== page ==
Most Americans associate St. Patrick’s day with wearing green clothes, drinking green beverages or viewing the Chicago River after it’s been dyed green. The holiday looks a little different now than when it was originally celebrated around the ninth century.

Who is St. Patrick?

St. Patrick’s Day is celebrated annually on March 17, the anniversary of St. Patrick, patron saint of Ireland and its national apostle. Born in Roman Britain toward the end of the fourth century, he was kidnapped when he was 16 and taken to Ireland, where he became a slave. He eventually escaped.

He later became a priest and returned to Ireland to convert the Irish people to Christianity. According to Time magazine, “St. Patrick was actually born Maewyn Succat, according to legend; he changed his name to Patricius, or Patrick, which derives from the Latin term for ‘father figure,’ when he became a priest.”

By the time of his death, St. Patrick had established schools, churches and monasteries. Although he did notable things in his lifetime, it’s the legends surrounding his story that keep the celebration of his life alive today.

Legend has it that he preached a sermon on a hillside in Ireland banning all snakes from the island. More notable is the legend that he preached about the Holy Trinity using the native Irish clover to symbolize the Father, Son and Holy Spirit, which gave the shamrock its popularity today.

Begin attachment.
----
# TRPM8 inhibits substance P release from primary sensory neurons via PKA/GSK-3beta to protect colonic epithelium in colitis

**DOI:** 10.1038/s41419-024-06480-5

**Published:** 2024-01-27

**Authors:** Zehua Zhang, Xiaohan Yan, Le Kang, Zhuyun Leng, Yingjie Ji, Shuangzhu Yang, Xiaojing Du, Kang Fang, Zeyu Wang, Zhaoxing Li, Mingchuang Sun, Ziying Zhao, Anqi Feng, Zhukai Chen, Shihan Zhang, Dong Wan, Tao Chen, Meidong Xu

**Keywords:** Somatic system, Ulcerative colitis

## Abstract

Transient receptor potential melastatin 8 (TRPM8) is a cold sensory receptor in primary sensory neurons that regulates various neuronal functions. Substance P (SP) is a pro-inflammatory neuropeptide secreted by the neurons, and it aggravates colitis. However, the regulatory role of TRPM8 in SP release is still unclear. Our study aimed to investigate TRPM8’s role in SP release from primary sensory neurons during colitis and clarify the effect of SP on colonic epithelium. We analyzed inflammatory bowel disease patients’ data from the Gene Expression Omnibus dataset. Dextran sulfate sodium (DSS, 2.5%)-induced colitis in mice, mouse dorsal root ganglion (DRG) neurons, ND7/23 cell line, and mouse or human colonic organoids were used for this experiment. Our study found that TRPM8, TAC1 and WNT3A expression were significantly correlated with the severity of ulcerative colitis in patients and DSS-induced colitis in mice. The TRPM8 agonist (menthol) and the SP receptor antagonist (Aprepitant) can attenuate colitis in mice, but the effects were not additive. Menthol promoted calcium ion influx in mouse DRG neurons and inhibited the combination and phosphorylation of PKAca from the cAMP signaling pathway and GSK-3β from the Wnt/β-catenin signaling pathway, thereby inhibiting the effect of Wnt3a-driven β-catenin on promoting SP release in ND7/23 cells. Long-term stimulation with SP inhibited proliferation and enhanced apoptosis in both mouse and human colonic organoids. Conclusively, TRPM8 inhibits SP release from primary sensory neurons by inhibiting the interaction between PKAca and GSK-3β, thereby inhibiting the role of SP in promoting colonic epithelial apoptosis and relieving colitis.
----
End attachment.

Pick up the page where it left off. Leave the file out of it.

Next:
The holiday goes big

Throughout history, Ireland has celebrated the holiday with religious observance and a traditional feast of Irish native food like cabbage and Irish bacon. However, it was the patriotism of Irish immigrants to America that gave the holiday its global popularity.

According to History.com, “One of the earliest St. Patrick’s Day celebrations in America took place in Boston in 1737, when a group of Irish Protestants gathered to honor their homeland’s saint. ... In the 1760s, when America still consisted of 13 British colonies, a group of Irishmen serving in the British army in New York City started the tradition of parading on St. Patrick’s Day.”

Chicago’s tradition of dyeing the Chicago River green began in 1960 as a way to clean up the river’s waterfront. The green dye helped plumbers spot where pipes were leaking sewage into the river. “In 1962, the Plumbers Local Union decided to use 100 pounds of that dye in the river to turn it green for St. Patrick’s Day — and it stayed that way for a week,” Enjoy Illinois said.

New York City holds the record for the largest St. Patrick’s Day parade. “Today the parade, which travels 1.5 miles up Fifth Avenue in Manhattan, is billed as the world’s oldest and largest St. Patrick’s Day parade. Among the approximately 150,000 marchers are politicians, school children, bands, bagpipers, police, firefighters and other municipal workers,” History.com reported.


Due to the fact that St. Patrick’s Day falls on a Friday this year, odds are more people will go out to share their holiday spirit. The National Retail Federation estimated how much they think Americans will be spending this holiday: “Americans are estimated to spend $6.85 billion.” They report that the average American will spend about $43.84 and that nearly 61% of Americans will be participating in festivities — more than ever before.